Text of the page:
I run courses and training sessions to help healthcare professionals use the Appetite Retraining system in their practice.

Whether you’re a dietitian or nutritionist, psychotherapist or coach, many of your clients may want your help to change their relationship with food. Distress around food and eating is all too common, and even your most high-flying clients may be struggling with their relationship with food.

 

Conventional advice around dieting and exercise rarely helps in the long run as what’s needed is a shift in mindset and a sustainable change to eating habits.

 

I have spent the past three decades of working as a clinical psychologist. Appetite Retraining developed over working with thousands of patients looking to change unhelpful habits and patterns of behaviour. However it was only a chance remark from a client in 2011 that helped me put 2 and 2 together and realise that I could use my training and experience to help people lose weight permanently. I’d helped Megan overcome bulimia nervosa using CBT, and on the way out of her final session she thanked me and said ‘I just wish I could I lose another stone in weight.’ I realised I had no idea how to help her do something as seemingly straightforward as losing this weight, and determined that I needed to find a way to do it.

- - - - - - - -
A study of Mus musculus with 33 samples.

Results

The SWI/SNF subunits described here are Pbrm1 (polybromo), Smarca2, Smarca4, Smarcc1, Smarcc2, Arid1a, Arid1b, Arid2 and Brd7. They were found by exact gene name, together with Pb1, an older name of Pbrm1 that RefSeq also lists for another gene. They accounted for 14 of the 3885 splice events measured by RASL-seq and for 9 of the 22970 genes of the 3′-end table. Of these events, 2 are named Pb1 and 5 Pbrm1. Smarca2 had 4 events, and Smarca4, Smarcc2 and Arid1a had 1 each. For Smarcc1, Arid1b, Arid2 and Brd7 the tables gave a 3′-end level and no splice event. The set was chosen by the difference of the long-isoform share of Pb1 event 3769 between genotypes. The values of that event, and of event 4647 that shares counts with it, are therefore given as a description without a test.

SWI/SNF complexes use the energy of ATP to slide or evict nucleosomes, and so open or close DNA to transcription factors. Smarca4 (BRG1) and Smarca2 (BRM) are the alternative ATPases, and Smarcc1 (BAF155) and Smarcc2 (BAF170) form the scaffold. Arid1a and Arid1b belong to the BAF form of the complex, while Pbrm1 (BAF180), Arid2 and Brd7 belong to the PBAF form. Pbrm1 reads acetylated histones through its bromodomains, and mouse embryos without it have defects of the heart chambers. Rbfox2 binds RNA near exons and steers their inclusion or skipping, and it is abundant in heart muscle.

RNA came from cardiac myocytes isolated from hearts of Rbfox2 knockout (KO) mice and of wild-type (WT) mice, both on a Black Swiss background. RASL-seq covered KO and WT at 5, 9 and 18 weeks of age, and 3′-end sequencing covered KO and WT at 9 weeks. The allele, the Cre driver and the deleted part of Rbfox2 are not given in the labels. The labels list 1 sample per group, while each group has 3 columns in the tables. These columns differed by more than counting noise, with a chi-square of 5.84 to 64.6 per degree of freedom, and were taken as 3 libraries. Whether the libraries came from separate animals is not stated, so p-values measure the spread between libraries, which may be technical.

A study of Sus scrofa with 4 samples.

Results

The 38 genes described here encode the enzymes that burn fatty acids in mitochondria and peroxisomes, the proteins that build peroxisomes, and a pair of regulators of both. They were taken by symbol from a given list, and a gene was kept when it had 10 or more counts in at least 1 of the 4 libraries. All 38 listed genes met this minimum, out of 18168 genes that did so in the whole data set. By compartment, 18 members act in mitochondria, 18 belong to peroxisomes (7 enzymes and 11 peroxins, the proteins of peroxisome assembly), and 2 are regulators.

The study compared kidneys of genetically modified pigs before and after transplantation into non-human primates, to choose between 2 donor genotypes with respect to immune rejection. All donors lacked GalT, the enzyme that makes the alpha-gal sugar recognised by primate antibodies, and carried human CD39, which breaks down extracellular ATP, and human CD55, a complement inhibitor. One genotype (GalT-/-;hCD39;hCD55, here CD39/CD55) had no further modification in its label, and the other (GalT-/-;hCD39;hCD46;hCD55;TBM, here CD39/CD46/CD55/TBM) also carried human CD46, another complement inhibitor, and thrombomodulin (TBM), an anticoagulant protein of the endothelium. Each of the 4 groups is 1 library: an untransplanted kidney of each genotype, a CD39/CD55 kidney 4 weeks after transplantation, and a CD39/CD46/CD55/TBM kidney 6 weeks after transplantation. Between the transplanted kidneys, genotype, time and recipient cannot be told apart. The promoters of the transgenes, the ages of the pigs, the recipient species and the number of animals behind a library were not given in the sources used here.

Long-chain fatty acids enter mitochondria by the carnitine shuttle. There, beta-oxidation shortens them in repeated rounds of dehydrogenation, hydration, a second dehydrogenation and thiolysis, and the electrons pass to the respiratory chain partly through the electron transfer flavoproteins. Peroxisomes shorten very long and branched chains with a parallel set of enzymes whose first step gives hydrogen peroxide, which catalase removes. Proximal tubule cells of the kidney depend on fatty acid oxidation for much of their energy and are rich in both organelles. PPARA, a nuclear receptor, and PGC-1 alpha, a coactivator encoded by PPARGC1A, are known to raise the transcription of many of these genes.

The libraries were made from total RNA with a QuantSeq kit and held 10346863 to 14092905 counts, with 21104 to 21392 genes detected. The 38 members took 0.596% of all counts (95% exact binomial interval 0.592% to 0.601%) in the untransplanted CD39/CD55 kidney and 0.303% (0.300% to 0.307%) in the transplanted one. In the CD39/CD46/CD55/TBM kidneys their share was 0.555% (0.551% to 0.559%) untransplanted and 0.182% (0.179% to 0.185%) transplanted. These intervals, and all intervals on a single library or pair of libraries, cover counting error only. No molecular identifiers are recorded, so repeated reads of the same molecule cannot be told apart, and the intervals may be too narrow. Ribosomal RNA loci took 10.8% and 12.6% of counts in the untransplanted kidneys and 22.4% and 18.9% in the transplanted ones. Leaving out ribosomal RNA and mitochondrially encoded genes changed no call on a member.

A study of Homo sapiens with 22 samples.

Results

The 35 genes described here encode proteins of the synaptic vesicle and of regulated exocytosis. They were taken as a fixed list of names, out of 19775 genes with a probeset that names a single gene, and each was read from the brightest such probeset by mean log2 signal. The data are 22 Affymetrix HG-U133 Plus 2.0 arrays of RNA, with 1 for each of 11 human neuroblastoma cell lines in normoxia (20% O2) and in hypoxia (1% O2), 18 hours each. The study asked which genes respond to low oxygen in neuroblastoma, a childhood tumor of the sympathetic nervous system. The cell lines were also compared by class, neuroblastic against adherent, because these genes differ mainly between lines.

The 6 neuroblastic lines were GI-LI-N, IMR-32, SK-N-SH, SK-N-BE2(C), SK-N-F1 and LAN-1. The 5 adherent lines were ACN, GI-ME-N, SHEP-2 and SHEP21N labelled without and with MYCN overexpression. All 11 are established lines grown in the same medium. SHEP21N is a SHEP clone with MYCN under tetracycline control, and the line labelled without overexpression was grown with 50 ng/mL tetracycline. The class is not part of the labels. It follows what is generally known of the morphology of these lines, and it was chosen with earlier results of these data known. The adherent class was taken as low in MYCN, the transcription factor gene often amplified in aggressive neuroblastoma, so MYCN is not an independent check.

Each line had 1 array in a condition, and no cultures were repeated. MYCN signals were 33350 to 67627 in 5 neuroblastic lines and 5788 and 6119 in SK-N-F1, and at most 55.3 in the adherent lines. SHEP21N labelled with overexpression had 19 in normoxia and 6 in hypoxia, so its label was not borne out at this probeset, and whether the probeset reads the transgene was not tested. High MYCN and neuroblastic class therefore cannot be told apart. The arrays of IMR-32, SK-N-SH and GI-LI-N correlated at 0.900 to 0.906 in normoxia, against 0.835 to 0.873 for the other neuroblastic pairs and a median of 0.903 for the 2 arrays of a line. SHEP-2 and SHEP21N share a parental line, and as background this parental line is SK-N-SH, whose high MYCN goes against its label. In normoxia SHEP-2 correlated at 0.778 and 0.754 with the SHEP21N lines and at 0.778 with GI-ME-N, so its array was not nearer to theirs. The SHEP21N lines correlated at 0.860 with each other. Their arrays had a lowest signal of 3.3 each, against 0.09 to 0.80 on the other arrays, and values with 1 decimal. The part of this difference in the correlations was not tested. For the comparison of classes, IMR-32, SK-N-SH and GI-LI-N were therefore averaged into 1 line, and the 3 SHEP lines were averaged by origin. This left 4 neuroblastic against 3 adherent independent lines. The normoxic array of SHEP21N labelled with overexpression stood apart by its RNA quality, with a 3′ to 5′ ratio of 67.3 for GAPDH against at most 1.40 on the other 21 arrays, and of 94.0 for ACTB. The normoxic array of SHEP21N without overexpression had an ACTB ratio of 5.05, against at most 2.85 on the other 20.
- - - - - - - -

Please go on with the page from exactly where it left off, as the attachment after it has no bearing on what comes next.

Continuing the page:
But of course it’s not straightforward, otherwise there would be no need for the shelves of weight loss books and aisles of diet food.

 

So how as a professional do you go about helping your clients with their weight loss goals? Whether you work in a dedicated weight loss clinic or treat private clients with issues around food, I can train you how to achieve success for the people you work with.

 

The recent British Psychological Society report Psychological Perspectives on Obesity recommends that all professionals working in weight loss should be trained in behaviour change. Here are details of my next two-day training workshop for professionals The Psychology of Weight Loss: How to help your clients change their eating habits.

The training involves a close look at identifying just those specific behaviours each person needs to change, and provides evidence-based strategies and techniques to achieve change. Whether that’s reducing portion size, stopping unhealthy snacking or emotional eating, the workshop explains how the blocks to change are often due to psychological factors and shows you how to help your clients overcome them. Book your place now. 

I write a free regular newsletter for professionals, on all aspects of the psychology of eating and weight loss. You can sign up here to receive this straight into your inbox each month.